DVD region 0. Severin.

Birdemic Shock and TerrorI first heard of Birdemic - Shock and Terror a couple of years ago, when Severin Films’ Carl Daft and David Gregory entertained me over a few drinks with tales of the mad film they’d just picked up and it’s eccentric director, James Nguyen. That evening, I found the trailer online and sure enough, the film appeared to be jaw-dropping stuff, as terrible, hovering CGI birds crashed into disproportionately sized buildings and exploded.

Over the next year, Birdemic became something of a phenomenon - rapidly beating out previous contenders like The Room and Troll 2 to become a midnight movie sensation, hailed by aghast and astounded critics as ‘the best worst movie of all time’ - it’s reputation helped by the remarkably enthusiastic Nguyen, who would turn up at screenings and play to the excited crowds. When I caught the film at Nottingham’s Broadway - a cinema where audiences are more likely to sit in contemplative reverence during serious arthouse films - there was a party atmosphere that I hadn’t experienced since the heady days of horror movie all nighters like Shock Around the Clock and Black Sunday. And the film didn’t disappoint: a mad, ridiculous mess that is so awful on more or less every level that it transcends being merely ‘bad’ and becomes a hard-to-believe, hugely entertaining riot.

I’m no fan of sneering at ‘bad’ films - especially as most of the people who do so don’t seem capable of differentiating between something really fucking awful and films that are merely low budget (and then heap praise on dull crap anyway) - but I’ve seen enough zero-budget, shot-on-video amateur hour stuff that really is irredeemably awful to see that this was something different. For example, no audience would sit through Summer of the Massacre in a cinema, no matter how much it was hyped as a laugh-riot, but Birdemic not only holds the audience, it rewards them with a wholly unique experience.

Birdemic Shock and TerrorThe plot follows lingerie model Natalie (Whitney Moore) - who has a meteoric rise from a One Hour Photo store to the cover of the Victoria’s Secret catalogue seemingly within a few hours - and software salesman Rod (Alan Bagh), who becomes an overnight millionaire and starts up his own ‘green tech’ business. After these two successful young people enjoy a trip to a pumpkin festival and a night in a motel (nice going Rod - couldn’t you dip into your millions for a real hotel) they awake to find that eagles and vultures are attacking people. Why? Who knows? The film implies that it’s all down to Global Warming, and the viewer is treated to some remarkably unsubtle environmental lecturing from various supporting characters along the way.

While much has been made - quite rightly -of the jaw-droppingly awful CGI effects (the birds hover in the air like static cut out photographs, and the rarely-mentioned forest fire has to be seen to be believed), Birdemic works because it is terrible on more or less every level. From the opening titles - which drag on forever with the most godawful music you could imagine - onwards, this is staggering to watch. The editing and sound are incredibly shoddy, making the already stilted acting seem even more awkward. Actually, to her credit, Moore seems as though she might be able to give a half-decent performance given less risible dialogue and more direction; Bagh, on the other hand, may well be the worst actor of all time. Whether he’s scoring $10 million dollar deals, talking to friends about the hot model he’s just met, fighting off killer eagles with a coat hanger or having a gun pointed at his head, his expression rarely changes from a look of mild confusion, like he’s just been asked to work out a tricky math problem.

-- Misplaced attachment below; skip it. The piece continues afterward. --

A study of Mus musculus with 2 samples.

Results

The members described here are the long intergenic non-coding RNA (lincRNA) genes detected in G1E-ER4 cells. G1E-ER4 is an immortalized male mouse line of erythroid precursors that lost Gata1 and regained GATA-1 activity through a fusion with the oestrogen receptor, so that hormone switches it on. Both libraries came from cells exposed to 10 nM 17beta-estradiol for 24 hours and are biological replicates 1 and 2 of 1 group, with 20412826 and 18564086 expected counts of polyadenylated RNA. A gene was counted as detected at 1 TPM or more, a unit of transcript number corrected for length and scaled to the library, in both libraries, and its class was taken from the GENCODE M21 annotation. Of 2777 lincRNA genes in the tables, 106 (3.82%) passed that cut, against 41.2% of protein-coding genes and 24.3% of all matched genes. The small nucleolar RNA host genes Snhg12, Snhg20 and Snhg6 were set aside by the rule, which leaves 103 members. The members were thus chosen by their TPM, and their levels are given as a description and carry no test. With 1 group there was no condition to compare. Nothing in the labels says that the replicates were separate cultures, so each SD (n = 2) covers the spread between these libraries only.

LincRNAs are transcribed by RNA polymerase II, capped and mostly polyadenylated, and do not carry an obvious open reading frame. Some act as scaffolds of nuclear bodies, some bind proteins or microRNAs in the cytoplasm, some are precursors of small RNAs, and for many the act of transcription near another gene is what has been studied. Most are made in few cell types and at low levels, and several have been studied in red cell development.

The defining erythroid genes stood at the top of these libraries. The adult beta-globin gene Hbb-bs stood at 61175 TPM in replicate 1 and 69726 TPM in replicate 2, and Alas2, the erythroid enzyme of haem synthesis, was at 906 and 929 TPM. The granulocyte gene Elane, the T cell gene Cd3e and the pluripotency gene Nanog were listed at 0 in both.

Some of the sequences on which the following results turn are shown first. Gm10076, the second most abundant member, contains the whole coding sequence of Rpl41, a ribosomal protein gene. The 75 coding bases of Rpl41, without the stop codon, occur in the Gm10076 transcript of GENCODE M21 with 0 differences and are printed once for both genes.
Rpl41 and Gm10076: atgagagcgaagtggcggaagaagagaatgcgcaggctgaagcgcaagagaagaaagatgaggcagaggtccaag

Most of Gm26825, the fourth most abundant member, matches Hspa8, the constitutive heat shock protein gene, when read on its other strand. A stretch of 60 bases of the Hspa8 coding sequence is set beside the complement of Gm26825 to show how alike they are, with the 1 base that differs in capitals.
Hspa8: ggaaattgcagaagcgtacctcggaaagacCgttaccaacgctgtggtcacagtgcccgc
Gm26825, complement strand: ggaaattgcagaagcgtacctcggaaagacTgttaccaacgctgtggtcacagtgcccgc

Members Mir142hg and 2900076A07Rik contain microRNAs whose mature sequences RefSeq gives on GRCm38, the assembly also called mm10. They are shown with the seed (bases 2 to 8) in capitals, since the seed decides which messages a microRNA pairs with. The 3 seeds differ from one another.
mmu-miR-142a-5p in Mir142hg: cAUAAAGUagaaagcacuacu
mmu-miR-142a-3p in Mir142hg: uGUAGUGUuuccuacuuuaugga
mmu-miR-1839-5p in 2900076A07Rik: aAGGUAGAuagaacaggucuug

Birdemic Shock and TerrorLet’s be honest - Birdemic shouldn’t work: it’s awful on every level, and really badly paced. Ironically, if the film was more technically competent, the lengthy romantic opening would probably be terminally dull - it’s the sheer awfulness of it that gets you through this long opening section and into the bird attacks, and so Birdemic does work as one of the most entertaining nights you will have watching a film. How it will translate for first-time viewers watching alone at home is more open to question; but I’d say that most people will still get a huge amount of enjoyment from it. To be safe though, I’d suggest you hold a James Nguyen-approved ‘Birdemic Fest’ by inviting a few people round and cracking open the booze.

Severin’s long-awaited DVD ices the cake with a couple of commentary tracks - one with Nguyen and the other with stars Moore and Bagh - and both are laugh-out-loud hilarious at times, for very different reasons - Nguyen’s belief in the quality of his film is an impressive delusion, while the two stars have great stories about the production and the director. There are a couple of missing scenes, assorted trailers (Nguyen’s original teaser; the wonderful Severin Films preview), a teaser for Severin’s documentary about Nguyen and a great featurette following the Birdemic Experience tour around the world amongst other bits and piece that make this a worthy packaging of the cult film of the decade.

Why did the eagles and vultures attack? Buy it and find out!